By Francis Emorut, Cecilia Okoth

Added 31st March 2018 04:11 PM

"Peace minus reconciliation, we are wasting time," Baptist Latim, a traditional leader from Acholi sub-region, said.


PIC: The chairman of Elders Forum Justice James Ogoola (right) listens to Fr. Gaitano Batanyenda during the national dialogue champions meeting at Pope Paul Memorial Hotel in Kampala. (Credit: Francis Emorut)

TRUTH RECONCILIATION COMMISSION


KAMPALA - Since Uganda got its independence in 1962, different communities in the country have been wounded and, therefore, the elders’ forum has called for truth and reconciliation commission.

They said, once the truth telling commission is set up, Ugandans would be able to confess atrocities committed by some groups of people and repent, seek forgiveness and in the process, bring healing and reconciliation.

"Peace minus reconciliation, we are wasting time," Baptist Latim, a traditional leader from Acholi sub-region, said.

"National dialogue should be tailored to form truth and reconciliation commission," he stated.

Latim was backed by Dr Fr Pascal Kabura from Fort Portal, who said some Ugandans have been wounded by either civil war or land conflicts and, therefore, need healing through truth and reconciliation commission.

"A lot of truth has been buried. Could the truth and reconciliation commission be the magic bullet for the country?" Kabura, who is director of Uganda Martyrs University Fort Portal campus, wondered.

The elders made the remarks during the national dialogue champions meeting at Pope Paul Memorial Hotel in Kampala recently.

The national dialogue champions meeting was organised by the Inter-Religious Council of Uganda (IRCU) in conjunction with The Elders Forum of Uganda (TEFU) with the aim of rallying the public for the national dialogue.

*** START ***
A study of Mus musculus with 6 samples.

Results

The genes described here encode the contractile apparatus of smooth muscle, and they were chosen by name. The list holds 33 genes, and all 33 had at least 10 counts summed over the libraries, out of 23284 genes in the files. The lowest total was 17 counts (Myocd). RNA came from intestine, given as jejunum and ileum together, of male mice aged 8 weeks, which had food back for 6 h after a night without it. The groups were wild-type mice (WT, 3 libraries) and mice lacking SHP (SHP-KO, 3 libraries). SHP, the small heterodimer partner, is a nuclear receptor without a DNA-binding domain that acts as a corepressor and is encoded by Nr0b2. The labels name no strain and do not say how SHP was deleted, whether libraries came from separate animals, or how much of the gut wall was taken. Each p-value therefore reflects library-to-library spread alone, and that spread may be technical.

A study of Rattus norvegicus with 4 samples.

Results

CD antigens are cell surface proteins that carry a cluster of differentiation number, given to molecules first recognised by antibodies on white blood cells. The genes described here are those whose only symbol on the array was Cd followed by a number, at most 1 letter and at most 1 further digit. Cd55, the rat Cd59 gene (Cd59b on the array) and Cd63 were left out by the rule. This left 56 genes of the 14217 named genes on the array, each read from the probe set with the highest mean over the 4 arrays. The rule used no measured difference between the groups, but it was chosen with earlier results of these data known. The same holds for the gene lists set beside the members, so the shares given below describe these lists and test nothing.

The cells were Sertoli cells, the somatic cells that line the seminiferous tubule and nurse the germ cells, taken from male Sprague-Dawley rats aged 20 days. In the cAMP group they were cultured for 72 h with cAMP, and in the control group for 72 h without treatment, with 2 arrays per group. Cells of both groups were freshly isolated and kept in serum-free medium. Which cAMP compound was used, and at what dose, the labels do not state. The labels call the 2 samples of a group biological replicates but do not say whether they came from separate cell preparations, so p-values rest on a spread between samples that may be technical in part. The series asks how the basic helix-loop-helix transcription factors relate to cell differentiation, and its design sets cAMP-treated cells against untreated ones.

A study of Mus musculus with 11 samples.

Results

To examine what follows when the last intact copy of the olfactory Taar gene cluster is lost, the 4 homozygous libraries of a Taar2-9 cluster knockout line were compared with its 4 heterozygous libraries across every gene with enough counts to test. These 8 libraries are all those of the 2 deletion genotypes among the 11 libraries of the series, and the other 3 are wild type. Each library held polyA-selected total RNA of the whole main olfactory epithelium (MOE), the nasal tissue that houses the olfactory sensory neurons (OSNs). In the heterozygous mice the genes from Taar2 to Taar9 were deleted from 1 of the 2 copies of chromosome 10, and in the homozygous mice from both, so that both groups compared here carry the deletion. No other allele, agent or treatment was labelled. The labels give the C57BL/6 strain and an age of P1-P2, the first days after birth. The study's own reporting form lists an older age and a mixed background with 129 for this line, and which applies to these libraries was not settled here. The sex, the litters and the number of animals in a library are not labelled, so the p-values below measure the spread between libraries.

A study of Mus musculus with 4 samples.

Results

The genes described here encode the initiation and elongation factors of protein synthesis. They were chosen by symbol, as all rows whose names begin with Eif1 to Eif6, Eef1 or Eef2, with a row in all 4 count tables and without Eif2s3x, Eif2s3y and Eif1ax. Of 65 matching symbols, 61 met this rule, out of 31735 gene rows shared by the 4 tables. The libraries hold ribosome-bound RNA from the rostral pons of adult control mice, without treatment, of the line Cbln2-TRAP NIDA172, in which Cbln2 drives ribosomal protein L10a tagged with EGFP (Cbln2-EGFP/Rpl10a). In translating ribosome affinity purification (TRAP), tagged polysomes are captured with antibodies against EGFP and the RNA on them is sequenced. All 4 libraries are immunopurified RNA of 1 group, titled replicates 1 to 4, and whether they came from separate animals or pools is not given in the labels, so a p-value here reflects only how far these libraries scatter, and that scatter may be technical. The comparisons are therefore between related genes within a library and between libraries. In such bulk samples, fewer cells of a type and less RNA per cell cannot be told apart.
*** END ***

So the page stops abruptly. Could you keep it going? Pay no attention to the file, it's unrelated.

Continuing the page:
Outlining the framework paper for national dialogue, Godber Tumushabe, the executive director of Great Lakes for Strategic Studies, said the latter is premised on the theme: Consolidating Peace, Democracy and Development to Promote Equal Opportunity and Achieve Shared Prosperity.

Tumushabe, said the dialogue is intended to address pertinent issues such as building national values and reach consensus on political, quality service delivery, eliminating the cancer of corruption, an economy that works for everybody and national integration and harmony.

He said the national dialogue is inevitable after the Moshi conference and Nairobi peace talks collapsed.

Joyce Mpanga, 85, a former legislator, said time the country needed national dialogue and truth and reconciliation commission was yesterday.

Retired Kitgum Bishop Macleod Ochola said the country cannot afford to miss truth and reconciliation commission seeing the Police brutality.

The chairperson of the Elders Forum of Uganda, Justice Ogoola, said the national dialogue is not meant for settling political scores, but peaceful transition of power from one leader to another.

Bishop Zac Niringiye said there is need for transitional government for national unity.

However, former tourism minister Prof. Edward Rugumayo cautioned fellow elders, saying they needed to build critical mass to support the agenda.